Circuit Podcast

Posted May 6, 2021
By Mark Williams

In this pod Thomasin Sleigh speaks to Steve Carr and Christian Lamont about Fading to the Sky at Auckland's Te Uru Gallery, an exhibition that began as a response to Carr's mothers passing, and through a collaboration with his former student Lamont, evolved into a deeper narrative of loss.

Fading to the sky continues until 30 May 2021.

Posted Apr 12, 2021
By

“I can only speak from my aspiration of how I want to see the world... and the art institution that I want to be involved in” - Nigel Borrell

What is the past, the present moment and potential futures for Māori within the art gallery? Three curators discuss; listen to Nigel Borrell (Pirirākau, Ngāi Te Rangi, Ngāti Ranginui, Te Whakatōhea, former curator Māori at Auckland Art Gallery, Puawai Cairns (Ngāti Pūkenga, Ngāti Ranginui, and Ngāiterangi), Director Audience and Insight at Te Papa and Karl Chitham (Ngā Puhi, Te Uriroroi), Director, the Dowse Art Museum.

Posted Mar 16, 2021
By Moya Lawson

In this podcast Moya Lawson speaks to Xi Li and Connor Fitzgerald, two emerging artists working in digital space via avatars, text and interactivity. The artists discuss the capability of the avatar to move beyond the constraints of physical embodiment towards a range of intentions and new possibilities.

Posted Feb 4, 2021
By Robbie Handcock

In the third part of our podcast series Popular Glory: Contemporary Queerness and the Moving Image, host Robbie Handcock speaks to Neihana Gordon-Stables and Daniel John Corbett Sanders. On this pod they discuss using humour to offset the media focus on queer tragedy; queer generational disconnect; plus the complexities of community building and safety.

Posted Oct 20, 2020
By Israel Randell

"I don't want that power, I don't think anyone else should have that power" - Rangituhia Hollis

In this podcast Israel Randell talks to Rangituhia Hollis about his CIRCUIT Artist Cinema Commission Across the face of the Moon (2020) premiering at Pataka 6.30pm Friday 23 October as part of Sovereign Pacific / Pacific Sovereigns. Listen to Rangituhia discuss his iterative practice, Japanese cinema, and what sovereignty means to him. All this plus a new anagram - ‘TIWID WHYD?’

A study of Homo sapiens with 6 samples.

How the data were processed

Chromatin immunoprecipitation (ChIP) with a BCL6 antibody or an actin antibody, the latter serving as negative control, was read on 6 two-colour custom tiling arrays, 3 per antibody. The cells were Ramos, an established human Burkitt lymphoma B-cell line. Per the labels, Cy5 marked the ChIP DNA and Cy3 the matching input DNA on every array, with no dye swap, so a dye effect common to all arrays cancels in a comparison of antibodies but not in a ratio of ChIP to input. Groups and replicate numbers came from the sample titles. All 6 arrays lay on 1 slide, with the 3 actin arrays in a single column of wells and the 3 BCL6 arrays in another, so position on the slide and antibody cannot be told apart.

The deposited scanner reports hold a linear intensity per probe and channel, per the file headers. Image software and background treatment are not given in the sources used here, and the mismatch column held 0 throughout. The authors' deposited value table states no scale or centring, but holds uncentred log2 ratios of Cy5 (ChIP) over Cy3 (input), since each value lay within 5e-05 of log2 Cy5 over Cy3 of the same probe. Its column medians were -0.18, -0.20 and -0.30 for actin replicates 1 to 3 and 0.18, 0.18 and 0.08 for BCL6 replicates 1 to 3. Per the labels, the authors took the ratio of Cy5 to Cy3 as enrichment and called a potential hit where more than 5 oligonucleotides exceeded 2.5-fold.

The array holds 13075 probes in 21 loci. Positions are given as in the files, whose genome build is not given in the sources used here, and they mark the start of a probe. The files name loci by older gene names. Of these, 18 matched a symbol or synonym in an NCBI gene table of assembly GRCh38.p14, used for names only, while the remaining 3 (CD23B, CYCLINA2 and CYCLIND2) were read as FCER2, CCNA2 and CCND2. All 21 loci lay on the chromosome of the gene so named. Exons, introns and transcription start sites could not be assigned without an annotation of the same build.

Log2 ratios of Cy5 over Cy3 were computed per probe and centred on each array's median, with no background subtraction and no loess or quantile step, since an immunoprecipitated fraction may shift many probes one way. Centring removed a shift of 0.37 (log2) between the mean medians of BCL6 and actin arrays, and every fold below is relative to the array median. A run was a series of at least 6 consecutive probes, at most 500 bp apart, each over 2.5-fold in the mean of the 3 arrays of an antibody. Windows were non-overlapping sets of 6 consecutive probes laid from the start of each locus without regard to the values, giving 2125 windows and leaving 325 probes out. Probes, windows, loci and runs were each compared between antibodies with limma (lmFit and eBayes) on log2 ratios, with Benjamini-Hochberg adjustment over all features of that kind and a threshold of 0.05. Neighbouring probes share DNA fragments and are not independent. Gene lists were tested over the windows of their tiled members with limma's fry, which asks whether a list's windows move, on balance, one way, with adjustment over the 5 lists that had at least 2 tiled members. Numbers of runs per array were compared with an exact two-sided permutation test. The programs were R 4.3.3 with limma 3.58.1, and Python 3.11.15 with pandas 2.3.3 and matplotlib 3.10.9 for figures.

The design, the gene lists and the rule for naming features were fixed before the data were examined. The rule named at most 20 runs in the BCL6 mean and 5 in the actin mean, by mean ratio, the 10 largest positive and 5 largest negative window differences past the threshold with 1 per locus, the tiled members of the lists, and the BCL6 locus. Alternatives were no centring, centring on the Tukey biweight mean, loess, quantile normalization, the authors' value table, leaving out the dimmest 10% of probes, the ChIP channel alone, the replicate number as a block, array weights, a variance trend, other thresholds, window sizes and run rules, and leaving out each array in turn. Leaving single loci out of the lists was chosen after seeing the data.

Posted Oct 20, 2020
By Israel Randell

“I was thinking about what you think is knowledge, what you find out through machinery, and what you find out through attending to things that you see” - Alex Monteith

In this episode our Mana Moana Resident Israel Randell talks to Alex Monteith about her new CIRCUIT Artist Cinema Commission Deepwater Currents (2020), premiering 6.30pm Friday 23 October at Pataka.

Posted Oct 8, 2020
By Mark Williams

"What's good for Māori is good for everyone" - Qiane Matata-Sipu

How do Māori and Pākeha relate to, and value whenua? What are their differing values and how do they intersect? What is the connection between generosity and Tino Rangitiratanga? In this conversation artists Martin Awa Clarke Langdon (Waikato-Tainui, Ngāti Whāwhākia, Ngāti Hikairo, Kāi Tahu), Rebecca Hobbs and Qiane Matata-Sipu (Te Wai-o-hua, Waikato-Tainui) discuss art, activism and mutual wellbeing for Māori and Tauiwi.

The conversation takes place in the context of recent disputes over Ihumātao, a North Island site currently the subject of dispute between land developers and mana whenua.

Posted Sep 4, 2020
By Mark Williams

In the second part of our podcast series Popular Glory: Contemporary Queerness and the Moving Image, host Robbie Handcock speaks to Laura Duffy and Aliyah Winter about recent collaborations, and how to image queer lives, queer histories, queer youth.

Laura Duffy on CIRCUIT
Aliyah Winter on CIRCUIT

Catalogue Notes

Posted Aug 6, 2020
By Mark Williams

In this interview film-maker M D Brown discusses three short films he made between 2000-2004, inspired by the stream of consciousness technique of modernist European writers including James Joyce and Samuel Beckett.

Each film featured the voice of a lone male, ruminating on late night memories of murky events and personal relationships whose character has been shaped by the passage of time. Using a visual technique of fleeting images interrupted by black, Brown sought to evoke the nature of memory as a subjective series of affective images flickering across the mind's eye.

Posted Jul 29, 2020
By Robbie Handcock

Popular Glory: Contemporary Queerness and the Moving Image is a new four-part podcast series hosted by Pōneke artist Robbie Handcock, interviewing a range of Aotearoa artists working in moving image who employ queerness as identity, content and strategy.

In Episode One, we speak to Berlin-based Tāmaki Makaurau artist ZK Steiner-Fox. Leading from their work Popular Glory, we discuss how the horror movie format—with all its tensions as well as its tropes—is used in ZK’s work to examine the impact of queer coding, classic Hollywood morality and the everyday terror of navigating contemporary media.

Posted Jul 28, 2020
By Mark Williams

Recently we invited film maker Sean Grattan and academic Manuel Shvartzberg Carrió to revisit Sean's 2012 film HADHAD, whose depiction of an unwelcome visitor now seems oddly prescient of a world dealing with Covid 19 and authoritarian politics. Ostensibly a horror movie, HADHAD depicts a group of American suburbanites whose lives are upended by a mysterious visitor. Neither human nor animal, the HADHAD crouches silently, offering no clues to its’ purpose or origin.